Employers have been discussing ways to improve employee morale and boost productivity for decades, and especially since the economic downturn has tightened the budgets of many companies to offer higher salaries.
The majority of research suggests that workers are more likely to stay in a role where they feel appreciated, where they receive recognition for their good work and their employers invest in their training and development.
A new study from Monster has shown the extent to which these working conditions can affect an employee’s decision to stay or to seek a new role.
According to the new study, many UK workers currently feel their employers do not value their input. In fact, in many cases bosses don’t even say thank you to staff for all of their hard work .
Nearly six out of ten respondents said they do not get thanked enough at work – a sentiment that was even echoed by four out of ten managers.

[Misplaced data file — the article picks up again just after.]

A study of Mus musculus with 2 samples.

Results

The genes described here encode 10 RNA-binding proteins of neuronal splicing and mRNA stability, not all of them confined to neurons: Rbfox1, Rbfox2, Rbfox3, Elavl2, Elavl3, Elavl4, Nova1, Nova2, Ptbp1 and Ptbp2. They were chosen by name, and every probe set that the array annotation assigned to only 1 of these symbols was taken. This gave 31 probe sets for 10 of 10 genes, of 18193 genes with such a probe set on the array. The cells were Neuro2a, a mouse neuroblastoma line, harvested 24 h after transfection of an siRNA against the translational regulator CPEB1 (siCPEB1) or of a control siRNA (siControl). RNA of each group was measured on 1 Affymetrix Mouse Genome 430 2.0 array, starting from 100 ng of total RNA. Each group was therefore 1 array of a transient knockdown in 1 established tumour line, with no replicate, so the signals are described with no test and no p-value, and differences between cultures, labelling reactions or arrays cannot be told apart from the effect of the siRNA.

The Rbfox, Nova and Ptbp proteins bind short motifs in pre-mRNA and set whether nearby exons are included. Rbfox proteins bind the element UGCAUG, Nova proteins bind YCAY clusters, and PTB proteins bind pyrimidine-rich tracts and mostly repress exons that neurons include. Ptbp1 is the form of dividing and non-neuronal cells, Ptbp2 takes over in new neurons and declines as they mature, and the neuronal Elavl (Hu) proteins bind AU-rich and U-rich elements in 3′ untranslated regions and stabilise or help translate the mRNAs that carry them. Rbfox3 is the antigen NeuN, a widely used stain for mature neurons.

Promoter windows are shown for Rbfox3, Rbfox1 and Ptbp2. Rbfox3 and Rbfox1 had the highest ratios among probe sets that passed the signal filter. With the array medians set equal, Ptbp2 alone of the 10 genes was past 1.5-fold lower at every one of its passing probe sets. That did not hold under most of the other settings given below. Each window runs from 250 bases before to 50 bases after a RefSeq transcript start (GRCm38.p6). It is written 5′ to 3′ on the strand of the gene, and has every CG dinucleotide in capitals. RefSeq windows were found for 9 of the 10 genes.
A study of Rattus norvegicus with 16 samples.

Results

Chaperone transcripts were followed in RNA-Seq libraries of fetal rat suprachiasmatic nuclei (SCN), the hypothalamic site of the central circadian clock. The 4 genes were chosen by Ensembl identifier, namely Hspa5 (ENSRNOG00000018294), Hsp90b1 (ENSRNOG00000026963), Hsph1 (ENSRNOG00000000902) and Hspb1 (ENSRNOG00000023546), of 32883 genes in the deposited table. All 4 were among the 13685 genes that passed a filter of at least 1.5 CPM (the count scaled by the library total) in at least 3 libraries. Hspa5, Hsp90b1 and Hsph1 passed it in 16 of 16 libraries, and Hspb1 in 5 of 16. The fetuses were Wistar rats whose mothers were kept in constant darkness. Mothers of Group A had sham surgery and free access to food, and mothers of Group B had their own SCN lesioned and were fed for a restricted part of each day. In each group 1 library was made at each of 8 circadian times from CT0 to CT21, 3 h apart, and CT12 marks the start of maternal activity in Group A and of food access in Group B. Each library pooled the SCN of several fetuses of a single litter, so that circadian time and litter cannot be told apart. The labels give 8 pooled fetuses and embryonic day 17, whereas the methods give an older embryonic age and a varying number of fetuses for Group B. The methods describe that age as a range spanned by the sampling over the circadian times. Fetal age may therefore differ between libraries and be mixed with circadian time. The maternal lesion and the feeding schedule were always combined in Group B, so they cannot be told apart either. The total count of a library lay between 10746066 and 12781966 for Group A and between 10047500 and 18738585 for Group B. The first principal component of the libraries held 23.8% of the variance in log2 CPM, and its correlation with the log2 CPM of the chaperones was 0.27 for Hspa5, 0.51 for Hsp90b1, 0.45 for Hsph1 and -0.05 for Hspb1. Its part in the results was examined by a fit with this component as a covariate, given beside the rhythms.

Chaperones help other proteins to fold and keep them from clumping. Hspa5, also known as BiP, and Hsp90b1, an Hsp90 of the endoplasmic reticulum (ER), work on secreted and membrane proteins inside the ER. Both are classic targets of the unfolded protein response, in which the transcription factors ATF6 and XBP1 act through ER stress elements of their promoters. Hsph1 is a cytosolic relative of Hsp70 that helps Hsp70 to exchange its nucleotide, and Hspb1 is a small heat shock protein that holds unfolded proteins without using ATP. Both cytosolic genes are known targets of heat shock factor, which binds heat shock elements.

The importance of being recognised for good work was obvious from the study, with 63 per cent of employees even saying that when they go the extra mile, a simple verbal “thank you” is a more important form of acknowledgement than a pay rise.
If they were not thanked enough, employees said they would want to be paid an additional £134 per month on average to compensate for this lack of recognition. Overall, this means that saying thank you is worth just over £1,600 per year to workers across the UK.
“Saying 'thank you' is priceless at work, as employees would rather receive appreciation than extra cash,” says organisational behaviour psychologist Corinne Sweet.
“People feel 'lifted' emotionally by their bosses, and thus feel good about themselves and perform better. We even have raised endorphin levels, the feel-good biochemical in our bloodstreams, when we are thanked – which in turn helps boost our immune system to combat stress-related symptoms.
“This, in turn, can reduce absenteeism and boost office morale; so saying 'thanks' is, literally, worth its weight in gold.”